MACD (Moving Average Convergence/Divergence)
There are numerous ways how to trade MACD in the direction of current trend (read more about MACD crossovers). Though MACD is built on exponential moving averages, which make many people immediately think about trend following, there are also ways to use the MACD for counter-trend trading and spotting probable reversals.
Trading overbought/oversold market with MACD
Thought officially the MACD indicator has nothing like overbought and oversold levels and the values it can reach are not limited by any certain number, it is possible to use the MACD for identifying when the market’s momentum may be overheated on one side or the other.
However, it is quite difficult to define hard fixed rules for such strategy. Trading it successfully requires a good familiarity with the behaviour of the market you trade – especially knowing which MACD levels are usually too far away from the zero line and might therefore signal high probability of a pullback towards it (a correction in the current trend).
Even then, you will likely find trading this MACD counter-trend system very difficult on a standalone basis – for trade entries, this way of looking at MACD may better serve as a supporting or confirmation tool in addition to some other technical analysis tools.
Using MACD for exiting positions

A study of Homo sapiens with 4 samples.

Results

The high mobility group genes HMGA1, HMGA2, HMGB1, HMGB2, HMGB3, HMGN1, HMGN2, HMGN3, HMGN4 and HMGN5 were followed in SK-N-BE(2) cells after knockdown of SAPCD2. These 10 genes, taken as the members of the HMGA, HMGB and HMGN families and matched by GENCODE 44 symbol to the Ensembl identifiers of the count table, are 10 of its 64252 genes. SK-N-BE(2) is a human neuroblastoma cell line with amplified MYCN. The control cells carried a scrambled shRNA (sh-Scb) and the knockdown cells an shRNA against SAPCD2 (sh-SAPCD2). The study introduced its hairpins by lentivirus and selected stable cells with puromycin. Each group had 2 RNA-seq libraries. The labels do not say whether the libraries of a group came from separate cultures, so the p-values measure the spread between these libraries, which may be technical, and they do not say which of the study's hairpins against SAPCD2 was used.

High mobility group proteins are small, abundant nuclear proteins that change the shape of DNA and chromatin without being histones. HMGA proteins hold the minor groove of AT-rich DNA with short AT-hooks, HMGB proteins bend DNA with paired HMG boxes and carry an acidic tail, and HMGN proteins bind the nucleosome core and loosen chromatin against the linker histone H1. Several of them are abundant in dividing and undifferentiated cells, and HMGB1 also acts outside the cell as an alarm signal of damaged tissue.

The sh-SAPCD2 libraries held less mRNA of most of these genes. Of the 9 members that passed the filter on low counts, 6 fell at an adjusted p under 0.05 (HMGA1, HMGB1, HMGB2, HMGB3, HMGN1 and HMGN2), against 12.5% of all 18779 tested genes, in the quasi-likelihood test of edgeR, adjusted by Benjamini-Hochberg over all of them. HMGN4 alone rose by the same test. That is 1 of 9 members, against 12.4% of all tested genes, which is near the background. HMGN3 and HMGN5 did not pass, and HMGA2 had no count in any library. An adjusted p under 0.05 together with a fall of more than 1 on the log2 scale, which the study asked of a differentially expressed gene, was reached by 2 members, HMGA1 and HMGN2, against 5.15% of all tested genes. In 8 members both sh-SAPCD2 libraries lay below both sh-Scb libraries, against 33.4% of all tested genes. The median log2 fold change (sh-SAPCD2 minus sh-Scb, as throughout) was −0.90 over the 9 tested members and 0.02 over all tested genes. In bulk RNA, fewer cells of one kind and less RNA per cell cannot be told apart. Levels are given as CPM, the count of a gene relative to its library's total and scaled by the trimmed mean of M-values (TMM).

Nevertheless, counter-trend MACD trading signals may be interesting as a strategy for exiting positions. For example, you can buy pullbacks to a moving average and then exit the trade when MACD line gets too high (and then wait for prices to come back to your moving average to buy again).
Trading MACD Divergences
MACD divergences are considered one of the most powerful ways to trade with MACD. The idea of a divergence is the same with many other oscillators (like RSI, Momentum, or Stochastics).
Divergences exist on both sides – there are bullish divergences and bearish divergences. A bullish divergence occurs when market (price) makes a new low (lower than the previous low), while the MACD line’s new low is higher than its previous low. Therefore the MACD is diverging from the price, questioning the strength of the prevailing price downtrend (it indicates that the bears might be losing power). When you see a bullish divergence on the MACD line, it is a signal to buy, as the probability of a trend reversal is high.
On the other side, a bearish divergence indicates a probable end of uptrend and occurs when the price makes a new higher high, while the MACD line’s new high is lower than the previous one. It is a sell signal.
Divergences on MACD Histogram
You can also identify and trade divergences on the MACD Histogram, which is the difference between the MACD line and the Signal line. Interpretation is the same as with MACD line divergences – there are bullish divergences and bearish divergences. Bullish divergences occur when price makes a lower low and MACD Histogram makes a higher low (buy signal), while bearish divergences occur when price makes a new higher high, while MACD Histogram makes a lower high (sell signal).
MACD Histogram divergences: as strong as you make them
Many people say that MACD Histogram divergences are stronger than MACD line divergences and that they are one of the most powerful signals in technical analysis. It is true that you will not see MACD Histogram divergences very often and once they occur, the probability of a trend reversal is high (though far from 100%). Regarding profitability and reliability, MACD Histogram divergences are no different from anything else – it only depends on how you make them work in your particular market and time horizon.